17Now therefore, O our God, listen to the prayer of your servant and to his pleas for mercy, and for your own sake, O Lord, make your face to shine upon your sanctuary, which is desolate. 18O my God, incline your ear and hear. Open your eyes and see our desolations, and the city that is called by your name. For we do not present our pleas before you because of our righteousness, but because of your great mercy. 19O Lord, hear; O Lord, forgive. O Lord, pay attention and act. Delay not, for your own sake, O my God, because your city and your people are called by your name.” (Daniel 9:17-19 ESV)
Daniel experiences prophetic dreams and visions. He sees beasts rising from the sea, and a beast with ten horns given dominion. Then he sees the Ancient of days taking his seat on the throne and the beast is destroyed and dominion of the kingdom is given to one looking like the son of man. This new kingdom is everlasting, it will not be destroyed and the saints of the Most High receive the kingdom and possess it “forever, forever and ever.” The vision goes on…
What amazes me the most is Daniels response to the visions – Prayer. Daniel does not take the final outcome for granted, but instead he pleads for God’s mercy as he confesses the corporate sin of Israel – a continual refusal to turn back to God.
As Christians we know the “end of the story”, we’ve read the New Testament, we’ve heard the words of Jesus, we know who the “Son of Man” is and his imminent dominion. We are confident that we possess eternal life, and we may even realize that we are those saints of the Most High who will reign with the Son of Man.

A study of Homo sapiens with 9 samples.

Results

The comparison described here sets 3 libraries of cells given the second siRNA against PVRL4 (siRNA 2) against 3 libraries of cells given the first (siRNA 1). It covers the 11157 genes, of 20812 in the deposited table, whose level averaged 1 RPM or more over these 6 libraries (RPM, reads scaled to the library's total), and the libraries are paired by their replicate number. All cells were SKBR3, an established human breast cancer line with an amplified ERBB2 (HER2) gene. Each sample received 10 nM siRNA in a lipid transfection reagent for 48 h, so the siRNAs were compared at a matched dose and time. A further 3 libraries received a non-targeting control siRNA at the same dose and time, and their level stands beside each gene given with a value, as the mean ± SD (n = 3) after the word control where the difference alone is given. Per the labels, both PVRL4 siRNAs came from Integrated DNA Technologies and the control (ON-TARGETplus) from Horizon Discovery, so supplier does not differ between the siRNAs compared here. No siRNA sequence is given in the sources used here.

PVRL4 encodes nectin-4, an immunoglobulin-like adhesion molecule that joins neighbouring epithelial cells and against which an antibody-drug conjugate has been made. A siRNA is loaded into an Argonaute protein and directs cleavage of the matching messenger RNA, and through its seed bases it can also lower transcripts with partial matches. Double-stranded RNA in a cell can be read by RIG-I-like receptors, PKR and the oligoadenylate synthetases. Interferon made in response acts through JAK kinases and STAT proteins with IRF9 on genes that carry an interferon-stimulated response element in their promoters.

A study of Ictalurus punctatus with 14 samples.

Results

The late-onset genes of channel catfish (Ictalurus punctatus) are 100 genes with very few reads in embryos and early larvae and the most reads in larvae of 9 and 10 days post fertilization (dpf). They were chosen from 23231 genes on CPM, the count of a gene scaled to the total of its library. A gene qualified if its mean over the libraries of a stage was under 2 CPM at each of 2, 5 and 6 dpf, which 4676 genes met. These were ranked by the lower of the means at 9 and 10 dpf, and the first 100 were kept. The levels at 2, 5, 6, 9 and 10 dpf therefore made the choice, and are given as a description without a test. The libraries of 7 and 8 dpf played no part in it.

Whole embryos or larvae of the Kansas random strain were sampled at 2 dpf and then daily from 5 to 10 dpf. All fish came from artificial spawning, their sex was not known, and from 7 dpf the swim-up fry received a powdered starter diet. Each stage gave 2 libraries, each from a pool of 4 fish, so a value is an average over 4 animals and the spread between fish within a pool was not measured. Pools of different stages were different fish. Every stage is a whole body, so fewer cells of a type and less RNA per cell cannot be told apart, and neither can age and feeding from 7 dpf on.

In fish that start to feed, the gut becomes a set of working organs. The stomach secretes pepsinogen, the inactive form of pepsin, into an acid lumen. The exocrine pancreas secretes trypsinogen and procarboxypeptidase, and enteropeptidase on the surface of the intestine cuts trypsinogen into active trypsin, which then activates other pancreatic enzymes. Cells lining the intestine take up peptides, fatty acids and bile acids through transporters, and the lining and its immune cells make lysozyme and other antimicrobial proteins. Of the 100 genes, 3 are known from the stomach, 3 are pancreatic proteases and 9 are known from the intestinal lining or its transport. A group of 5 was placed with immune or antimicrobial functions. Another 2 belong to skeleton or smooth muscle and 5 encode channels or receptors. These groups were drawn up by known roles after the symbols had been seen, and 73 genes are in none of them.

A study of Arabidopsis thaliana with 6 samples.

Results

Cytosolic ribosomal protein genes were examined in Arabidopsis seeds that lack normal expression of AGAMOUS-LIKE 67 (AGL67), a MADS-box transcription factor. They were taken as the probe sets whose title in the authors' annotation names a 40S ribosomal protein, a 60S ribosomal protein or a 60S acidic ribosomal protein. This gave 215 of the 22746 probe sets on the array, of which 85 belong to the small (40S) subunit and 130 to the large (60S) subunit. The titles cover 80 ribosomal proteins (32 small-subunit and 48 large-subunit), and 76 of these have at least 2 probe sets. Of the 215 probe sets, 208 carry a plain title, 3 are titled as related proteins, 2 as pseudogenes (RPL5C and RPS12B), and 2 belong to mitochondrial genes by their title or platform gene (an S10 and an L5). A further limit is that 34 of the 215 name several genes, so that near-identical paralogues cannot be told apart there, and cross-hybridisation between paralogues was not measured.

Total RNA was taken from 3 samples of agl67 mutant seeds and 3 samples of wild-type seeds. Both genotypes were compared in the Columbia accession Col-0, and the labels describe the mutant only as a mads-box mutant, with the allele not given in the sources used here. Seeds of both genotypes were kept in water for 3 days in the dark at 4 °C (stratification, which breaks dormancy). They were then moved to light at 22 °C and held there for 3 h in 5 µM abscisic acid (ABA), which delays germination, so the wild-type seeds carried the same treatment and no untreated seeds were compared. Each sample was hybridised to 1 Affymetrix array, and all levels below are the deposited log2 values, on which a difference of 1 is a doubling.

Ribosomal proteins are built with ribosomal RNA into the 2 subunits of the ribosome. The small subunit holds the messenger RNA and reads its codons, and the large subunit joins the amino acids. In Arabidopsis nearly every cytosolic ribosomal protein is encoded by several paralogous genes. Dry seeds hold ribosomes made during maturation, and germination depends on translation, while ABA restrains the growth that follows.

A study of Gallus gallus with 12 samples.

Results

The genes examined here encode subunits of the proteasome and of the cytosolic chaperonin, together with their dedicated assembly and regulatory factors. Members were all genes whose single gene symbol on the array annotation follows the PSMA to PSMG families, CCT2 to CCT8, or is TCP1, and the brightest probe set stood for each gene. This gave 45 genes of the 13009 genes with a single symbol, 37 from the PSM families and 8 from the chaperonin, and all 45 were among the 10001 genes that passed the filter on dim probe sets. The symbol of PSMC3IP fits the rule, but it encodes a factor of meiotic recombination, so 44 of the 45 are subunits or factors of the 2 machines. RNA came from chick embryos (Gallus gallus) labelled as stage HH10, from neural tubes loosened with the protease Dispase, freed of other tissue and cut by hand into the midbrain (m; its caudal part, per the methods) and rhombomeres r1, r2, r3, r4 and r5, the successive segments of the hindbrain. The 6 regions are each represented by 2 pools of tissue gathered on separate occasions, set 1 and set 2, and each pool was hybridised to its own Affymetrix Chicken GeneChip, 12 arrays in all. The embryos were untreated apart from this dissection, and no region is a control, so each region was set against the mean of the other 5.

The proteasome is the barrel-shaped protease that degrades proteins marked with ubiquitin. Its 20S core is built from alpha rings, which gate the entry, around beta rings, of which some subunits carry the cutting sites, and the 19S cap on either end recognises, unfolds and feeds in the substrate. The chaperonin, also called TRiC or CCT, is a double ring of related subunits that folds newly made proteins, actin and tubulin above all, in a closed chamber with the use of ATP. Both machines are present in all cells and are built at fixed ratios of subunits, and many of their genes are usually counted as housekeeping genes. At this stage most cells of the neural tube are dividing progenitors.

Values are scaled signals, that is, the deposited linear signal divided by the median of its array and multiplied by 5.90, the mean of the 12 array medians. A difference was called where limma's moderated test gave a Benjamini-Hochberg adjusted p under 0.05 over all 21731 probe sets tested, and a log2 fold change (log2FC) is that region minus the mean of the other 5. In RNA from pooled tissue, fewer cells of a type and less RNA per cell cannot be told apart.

How does our understanding prompt us to react? Are we praying for the saints, those called by his name – the church? What about the lost – the ones who continue to rely on their own righteousness? I pray for myself because I know my need, but I rarely pray prayers of confession on behalf of others.
Two hours after reading these passages I received a phone call. I was asked to pray for one of the saints, to pray for God’s mercy and not justice. It was not a plea based on this friends righteousness, but on God’s great mercy.
Today, through Daniel and a phone call, God taught me to pray for the saints.
Lord God, thank you for hearing our prayers and for the forgiveness of sins we receive through the confession of sins and the work of Christ on our behalf. Thank you Father that by your great mercy we will not get what we deserve. Thank you instead for promising to give us what we don’t deserve – eternal life and the inheritance of the kingdom that lasts forever, forever and ever.
Thank you for hearing my prayers and for granting mercy over judgment today. Amen.